State of the Nation – perception of early years in the UK 2020 

Felicity Gillespie, Director Kindred2

Kindred2 are delighted to support the report ‘State of the Nation: Perceptions of the Early Years in the UK’ released today by The Royal Foundation. The UK’s biggest ever study of early years sheds light on these critical first five years when our development is most dramatic and the foundations of many of our later successes and challenges are laid.

General awareness that the brain develops fastest during the first five years of life is strong (87%), but only two-thirds of parents (64%) report that the most rapid development happens during the first two years of life, in spite of scientific evidence demonstrating that this is the most critical time of all.  In the first 12 months alone the size of a child’s brain increases by an average 101% and most of our brain is developed before we can talk. 

Our understanding of the process of development matters because it informs our actions. Not realising how much is going on developmentally in the brain of a 0-2 year old means that parents may underestimate how much of an impact they can have by interacting with their baby. The research finds that ‘a key way in which parents judge brain development is by observing visible changes in their child’s behaviour’, but this means that parents are unaware of the enormous amount of development going on in their child’s head before those changes become visible. Many of the ‘signs’ of development mentioned by parents (such as talking and walking), are in fact the results of brain development, but it’s unfortunately ‘only once children had reached these development milestones, that some parents felt they were able to influence their child’s development’. It’s important that parents realise how fast the brain is growing before children can walk and talk – and what they can do to support that brain development.

Another striking finding is that the long-term impact the experiences of these early years has on later life chances  – why these early experiences matter so much – is not widely understood. Previous studies have demonstrated a strong correlation between development by 22 months and educational attainment at 26 years and there is evidence that 40% of the socio-economic attainment gap at age 16 is already present at age five. Yet the research tells us that 7 in 10 parents (69%) of under-5s don’t realise how critical the first five years are for later life chances.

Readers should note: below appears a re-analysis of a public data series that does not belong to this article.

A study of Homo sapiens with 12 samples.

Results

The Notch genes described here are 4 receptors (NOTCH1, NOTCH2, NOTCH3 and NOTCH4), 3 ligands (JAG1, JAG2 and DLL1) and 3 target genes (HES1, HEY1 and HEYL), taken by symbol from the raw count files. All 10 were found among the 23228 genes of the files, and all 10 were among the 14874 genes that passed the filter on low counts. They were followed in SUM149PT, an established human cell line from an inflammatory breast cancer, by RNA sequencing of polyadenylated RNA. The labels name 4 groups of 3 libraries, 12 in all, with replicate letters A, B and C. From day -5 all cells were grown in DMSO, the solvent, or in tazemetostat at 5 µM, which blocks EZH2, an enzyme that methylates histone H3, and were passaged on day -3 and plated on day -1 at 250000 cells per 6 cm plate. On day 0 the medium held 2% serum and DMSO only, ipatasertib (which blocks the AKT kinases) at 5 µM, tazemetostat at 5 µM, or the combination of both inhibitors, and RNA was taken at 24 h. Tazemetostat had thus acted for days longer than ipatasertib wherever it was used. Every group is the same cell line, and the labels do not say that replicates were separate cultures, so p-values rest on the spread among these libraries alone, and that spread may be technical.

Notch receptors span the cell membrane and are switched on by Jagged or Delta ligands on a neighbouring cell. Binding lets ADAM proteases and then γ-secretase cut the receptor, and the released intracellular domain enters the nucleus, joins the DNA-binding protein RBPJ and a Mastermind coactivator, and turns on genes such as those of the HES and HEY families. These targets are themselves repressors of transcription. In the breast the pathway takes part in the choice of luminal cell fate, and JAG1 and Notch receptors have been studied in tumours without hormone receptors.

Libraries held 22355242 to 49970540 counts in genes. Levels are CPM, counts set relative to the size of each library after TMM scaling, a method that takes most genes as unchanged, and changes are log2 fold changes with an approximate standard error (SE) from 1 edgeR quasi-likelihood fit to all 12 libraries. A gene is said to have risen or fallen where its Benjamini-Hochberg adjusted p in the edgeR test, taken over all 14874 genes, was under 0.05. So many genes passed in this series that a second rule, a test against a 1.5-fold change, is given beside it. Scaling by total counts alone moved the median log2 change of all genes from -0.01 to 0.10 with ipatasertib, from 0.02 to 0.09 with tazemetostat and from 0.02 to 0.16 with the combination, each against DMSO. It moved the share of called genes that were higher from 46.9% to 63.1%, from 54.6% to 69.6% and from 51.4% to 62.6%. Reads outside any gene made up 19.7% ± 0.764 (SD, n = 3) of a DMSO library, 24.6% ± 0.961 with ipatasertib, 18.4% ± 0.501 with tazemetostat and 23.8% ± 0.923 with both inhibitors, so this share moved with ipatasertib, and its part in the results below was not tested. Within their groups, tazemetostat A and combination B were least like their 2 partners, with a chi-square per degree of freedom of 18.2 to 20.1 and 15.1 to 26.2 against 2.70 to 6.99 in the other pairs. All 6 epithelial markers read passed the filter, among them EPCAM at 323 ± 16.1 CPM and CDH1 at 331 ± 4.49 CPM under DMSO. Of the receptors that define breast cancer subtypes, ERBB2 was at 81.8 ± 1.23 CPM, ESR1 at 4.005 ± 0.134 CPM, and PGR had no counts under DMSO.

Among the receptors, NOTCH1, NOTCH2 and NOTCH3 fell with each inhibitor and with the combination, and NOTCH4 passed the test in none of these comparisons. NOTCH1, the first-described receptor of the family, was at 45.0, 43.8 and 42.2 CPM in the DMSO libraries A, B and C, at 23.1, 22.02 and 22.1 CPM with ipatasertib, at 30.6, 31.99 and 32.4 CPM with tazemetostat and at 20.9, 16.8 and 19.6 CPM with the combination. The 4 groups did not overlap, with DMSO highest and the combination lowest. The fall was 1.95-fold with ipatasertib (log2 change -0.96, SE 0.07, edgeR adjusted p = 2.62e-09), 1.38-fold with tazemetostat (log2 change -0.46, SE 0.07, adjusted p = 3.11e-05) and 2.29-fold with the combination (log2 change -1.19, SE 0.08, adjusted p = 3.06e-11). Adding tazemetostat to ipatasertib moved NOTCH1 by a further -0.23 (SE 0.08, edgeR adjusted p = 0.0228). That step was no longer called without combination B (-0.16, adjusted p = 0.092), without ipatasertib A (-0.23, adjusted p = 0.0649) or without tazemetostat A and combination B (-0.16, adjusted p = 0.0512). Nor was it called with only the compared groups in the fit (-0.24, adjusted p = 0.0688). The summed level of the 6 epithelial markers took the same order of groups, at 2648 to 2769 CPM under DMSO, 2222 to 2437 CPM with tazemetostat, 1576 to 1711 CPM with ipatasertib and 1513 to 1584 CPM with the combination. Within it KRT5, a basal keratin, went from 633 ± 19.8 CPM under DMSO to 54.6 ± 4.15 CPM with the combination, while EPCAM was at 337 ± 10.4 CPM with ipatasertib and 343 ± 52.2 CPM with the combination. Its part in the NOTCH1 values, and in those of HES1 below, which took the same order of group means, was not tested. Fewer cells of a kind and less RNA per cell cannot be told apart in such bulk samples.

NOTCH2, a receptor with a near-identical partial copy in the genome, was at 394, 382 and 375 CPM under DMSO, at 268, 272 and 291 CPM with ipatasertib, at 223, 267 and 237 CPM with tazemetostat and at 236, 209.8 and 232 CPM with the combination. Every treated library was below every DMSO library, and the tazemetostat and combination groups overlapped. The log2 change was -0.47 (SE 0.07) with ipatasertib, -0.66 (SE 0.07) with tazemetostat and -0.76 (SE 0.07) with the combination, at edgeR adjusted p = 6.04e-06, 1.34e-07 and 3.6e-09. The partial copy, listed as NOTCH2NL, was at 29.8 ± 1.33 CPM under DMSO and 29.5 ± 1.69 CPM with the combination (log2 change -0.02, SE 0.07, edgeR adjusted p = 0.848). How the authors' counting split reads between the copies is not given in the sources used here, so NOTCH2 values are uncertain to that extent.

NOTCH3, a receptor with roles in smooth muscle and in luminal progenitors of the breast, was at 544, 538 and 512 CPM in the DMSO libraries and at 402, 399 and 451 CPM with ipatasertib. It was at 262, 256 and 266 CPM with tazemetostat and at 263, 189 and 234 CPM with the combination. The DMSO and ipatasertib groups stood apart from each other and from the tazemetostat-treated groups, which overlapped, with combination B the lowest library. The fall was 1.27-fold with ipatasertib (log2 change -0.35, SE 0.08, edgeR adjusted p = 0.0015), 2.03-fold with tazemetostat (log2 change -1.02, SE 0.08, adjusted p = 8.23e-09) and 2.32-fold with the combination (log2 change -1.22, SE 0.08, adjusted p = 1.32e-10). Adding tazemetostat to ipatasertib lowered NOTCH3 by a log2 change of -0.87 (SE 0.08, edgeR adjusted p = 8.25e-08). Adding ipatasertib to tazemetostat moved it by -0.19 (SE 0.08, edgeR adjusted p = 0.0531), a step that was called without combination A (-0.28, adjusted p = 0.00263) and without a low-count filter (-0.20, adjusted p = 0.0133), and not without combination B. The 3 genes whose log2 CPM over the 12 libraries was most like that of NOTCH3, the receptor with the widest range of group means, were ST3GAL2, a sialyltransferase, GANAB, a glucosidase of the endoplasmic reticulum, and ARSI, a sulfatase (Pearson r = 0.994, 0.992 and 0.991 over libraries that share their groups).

How far the responsibility of wider society stretches is a moot point. Only 20% of parents of 0-5-year-olds think that they should be mainly responsible for their children’s reading and writing skills, compared with nearly half of parents (46%) who think they alone are responsible for the development of their children’s social skills. Meanwhile, as many as a fifth (20%) of parents of 0-5s think that society at large should bear most responsibility for children’s lifelong health and happiness – and that parents have a lesser role in shouldering this burden. This suggests that a significant minority of parents are underestimating the impact that their interaction with their young children has, and the importance of encouraging their child’s development before they reach school age.

A recent YouGov(1) survey showed almost half of the children in the UK are starting school without the basic skills needed to learn. This points to a discrepancy between parent and teacher expectations and if parents are unclear of the age-related expectations for their children, it’s teachers who have to bridge the development gap.  

We believe every child is born curious with the potential to grow up to be happy, healthy adults.  And we believe all parents want to give their children the best start in life that they can. But right now, it’s clear that too many parents are struggling. And so, too many children are missing out.  This large-scale, demographically balanced, important research project provides a baseline for our understanding of the public’s views and understanding of the crucial early years. How we respond to its key messages as we emerge from the rigours of the Covid pandemic should inform families’ capacity to build solid foundations, ensuring no child’s future has to be limited by the circumstances of their birth.